Marliese Scheller’s captivating art defies easy categorization, as she delves into diverse techniques, cultures, and inspirations. From ancient influences to modern experimentation, her works reflect a lifetime of experiences and a profound exploration of the human experience.
By Claire Wu
If one were to ask artist Marliese Scheller what her work represents, there would be no straightforward answer. Due to the varied technical nature of her practice, her oeuvre cannot be so easily condensed into a simple response. Inspired by her travels, experiences meeting other artists, and time spent mastering art-making techniques, Scheller explores the vast spectrum of the human experience.
Scheller’s work is both figurative in style and highly narrative, employing a variety of mediums, techniques, and ideals that she has studied during her travels. Though not tied together by a single cohesive style or method, her works are united by her mission–a quest for knowledge, her inquisitive nature having spurred her onto an extensive, long-term study of the world we live in–and serve as an eternal “work-in-progress” that evolves in tandem with its maker.
“Independent of the subject matter or medium, the mastering of a technique is at the heart of my work,” Scheller says. “At the start of my career, I was fortunate to have met Henri H. Gowa, a pigment specialist, and Frans Masereel, one of the greatest woodcut artists of the twentieth century.” Her studies with the masters of these mediums are directly apparent in her works; the colors of her paintings echoing the hand of painters from the Middle Ages and the graphic nature of her ink drawings. In studying these techniques, Scheller gave herself room to experiment, adapting traditional methods to a modern-day approach, and allowing the mediums to serve her, rather than vice versa.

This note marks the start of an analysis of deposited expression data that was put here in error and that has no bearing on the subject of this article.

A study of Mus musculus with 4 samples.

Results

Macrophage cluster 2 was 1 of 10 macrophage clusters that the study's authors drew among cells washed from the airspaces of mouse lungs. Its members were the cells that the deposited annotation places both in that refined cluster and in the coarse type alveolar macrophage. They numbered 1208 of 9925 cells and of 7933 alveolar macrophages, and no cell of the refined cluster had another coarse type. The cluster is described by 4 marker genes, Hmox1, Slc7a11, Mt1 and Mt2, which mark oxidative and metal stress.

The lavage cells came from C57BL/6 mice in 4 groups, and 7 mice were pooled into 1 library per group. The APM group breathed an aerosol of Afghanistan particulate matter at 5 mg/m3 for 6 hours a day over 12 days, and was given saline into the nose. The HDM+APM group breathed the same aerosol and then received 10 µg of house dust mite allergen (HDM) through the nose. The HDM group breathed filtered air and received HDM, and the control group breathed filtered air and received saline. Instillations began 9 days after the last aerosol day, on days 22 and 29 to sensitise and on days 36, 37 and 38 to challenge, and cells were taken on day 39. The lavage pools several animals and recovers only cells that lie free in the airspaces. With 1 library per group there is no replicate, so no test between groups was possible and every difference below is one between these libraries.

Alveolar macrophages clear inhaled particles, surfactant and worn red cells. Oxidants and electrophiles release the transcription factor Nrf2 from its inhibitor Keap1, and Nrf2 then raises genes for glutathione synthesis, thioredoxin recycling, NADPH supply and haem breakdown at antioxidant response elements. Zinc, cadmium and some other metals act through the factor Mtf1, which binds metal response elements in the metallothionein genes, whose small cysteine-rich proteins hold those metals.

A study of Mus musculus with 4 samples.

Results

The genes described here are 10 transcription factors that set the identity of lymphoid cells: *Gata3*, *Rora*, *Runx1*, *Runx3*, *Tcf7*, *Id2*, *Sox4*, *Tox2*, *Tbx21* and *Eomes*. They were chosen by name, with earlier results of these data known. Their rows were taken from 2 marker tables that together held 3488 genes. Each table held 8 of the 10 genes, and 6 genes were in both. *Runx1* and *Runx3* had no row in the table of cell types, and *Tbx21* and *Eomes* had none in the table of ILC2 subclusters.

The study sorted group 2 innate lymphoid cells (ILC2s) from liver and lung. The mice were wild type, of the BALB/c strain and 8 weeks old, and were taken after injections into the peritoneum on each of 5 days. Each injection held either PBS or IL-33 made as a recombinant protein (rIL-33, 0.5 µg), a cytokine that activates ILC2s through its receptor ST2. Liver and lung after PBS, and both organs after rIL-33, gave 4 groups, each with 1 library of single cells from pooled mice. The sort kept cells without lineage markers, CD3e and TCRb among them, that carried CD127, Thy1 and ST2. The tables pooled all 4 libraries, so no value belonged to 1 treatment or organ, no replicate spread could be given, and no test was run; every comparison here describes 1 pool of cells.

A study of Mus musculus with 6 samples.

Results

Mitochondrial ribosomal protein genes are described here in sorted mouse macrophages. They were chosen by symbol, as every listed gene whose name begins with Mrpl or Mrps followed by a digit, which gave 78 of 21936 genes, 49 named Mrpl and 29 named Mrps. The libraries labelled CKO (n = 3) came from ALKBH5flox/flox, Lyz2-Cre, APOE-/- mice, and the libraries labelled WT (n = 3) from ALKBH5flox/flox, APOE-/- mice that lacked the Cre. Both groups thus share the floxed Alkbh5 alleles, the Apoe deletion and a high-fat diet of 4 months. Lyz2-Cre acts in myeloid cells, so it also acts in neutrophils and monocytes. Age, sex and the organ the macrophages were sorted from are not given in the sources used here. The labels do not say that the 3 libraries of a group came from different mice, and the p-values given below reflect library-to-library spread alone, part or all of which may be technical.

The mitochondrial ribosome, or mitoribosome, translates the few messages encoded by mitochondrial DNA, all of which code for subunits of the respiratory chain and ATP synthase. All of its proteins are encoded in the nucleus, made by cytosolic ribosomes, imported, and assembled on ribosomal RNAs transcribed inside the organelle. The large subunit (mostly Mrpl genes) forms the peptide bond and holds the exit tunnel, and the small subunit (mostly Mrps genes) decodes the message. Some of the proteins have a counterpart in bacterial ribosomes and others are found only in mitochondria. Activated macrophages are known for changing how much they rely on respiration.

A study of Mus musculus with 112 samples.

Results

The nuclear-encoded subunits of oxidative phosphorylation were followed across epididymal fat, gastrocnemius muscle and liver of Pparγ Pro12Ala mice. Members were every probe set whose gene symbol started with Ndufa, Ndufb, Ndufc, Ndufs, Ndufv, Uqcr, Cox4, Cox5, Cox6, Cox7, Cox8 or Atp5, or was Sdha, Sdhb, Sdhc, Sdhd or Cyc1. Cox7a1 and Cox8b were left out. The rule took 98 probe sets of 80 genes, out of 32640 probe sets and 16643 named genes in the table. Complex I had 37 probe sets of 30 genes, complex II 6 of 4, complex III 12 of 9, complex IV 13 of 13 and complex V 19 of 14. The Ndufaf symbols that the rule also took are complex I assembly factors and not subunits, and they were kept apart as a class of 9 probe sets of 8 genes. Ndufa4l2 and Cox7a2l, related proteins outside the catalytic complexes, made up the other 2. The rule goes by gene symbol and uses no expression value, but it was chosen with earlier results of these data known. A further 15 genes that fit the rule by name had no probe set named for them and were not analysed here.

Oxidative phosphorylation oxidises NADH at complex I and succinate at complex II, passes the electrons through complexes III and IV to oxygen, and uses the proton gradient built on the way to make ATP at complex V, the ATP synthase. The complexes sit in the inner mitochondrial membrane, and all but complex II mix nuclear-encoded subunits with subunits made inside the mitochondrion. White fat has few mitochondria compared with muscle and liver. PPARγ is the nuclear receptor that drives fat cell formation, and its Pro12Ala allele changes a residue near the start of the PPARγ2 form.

Beyond the use of these techniques, Scheller also applies the ideals and aesthetics of various mediums in her work, including graphic arts, historic painting, weaving, and Lebanese artisan craft. Her black-and-white period references the methodology of woodcut printmakers but can be applied to a much larger scale using ink on paper. She cites Eastern paintings and calligraphy as an influence in her work as well, having practiced extensively to master the flexibility of the brush and the control and confidence necessary to manipulate ink onto paper as exemplified by Chinese calligraphers and landscape painters.
“Each of the mediums becomes a vehicle through which I express a spontaneity that combines traditionalism with realism,” explains Scheller, though she borrows from more than just technique–much of her imagery harkens back to the paintings of the old masters, combining portraiture and figures with lush landscapes, animal motifs, and empirical perspective, all rendered in bold color on traditionally-prepared surfaces. “Inspiration is flimsy; it is something that arises first within… some of my characters are inspired by Russian literature. Birds, which are a recurrent theme, represent inner freedom while the Middle Ages, a period rich in creativity, has also left its mark on my art.”
As an amalgamation of Scheller’s vast lexicon of inspiration, her practice is highly fluid. Rather than limit herself to a single medium, subject, or concept, she allows herself to incorporate whatever ideas resonate with her at that moment. Her works are a reflection of her own musings on philosophy, psychology, and spirituality as they relate to the world around us, from her distinct individual experience. They unravel the rich tapestry of a lifetime of obtained knowledge and human experiences, showcasing the evolution of her craft, and allowing us a glimpse into her journey through life.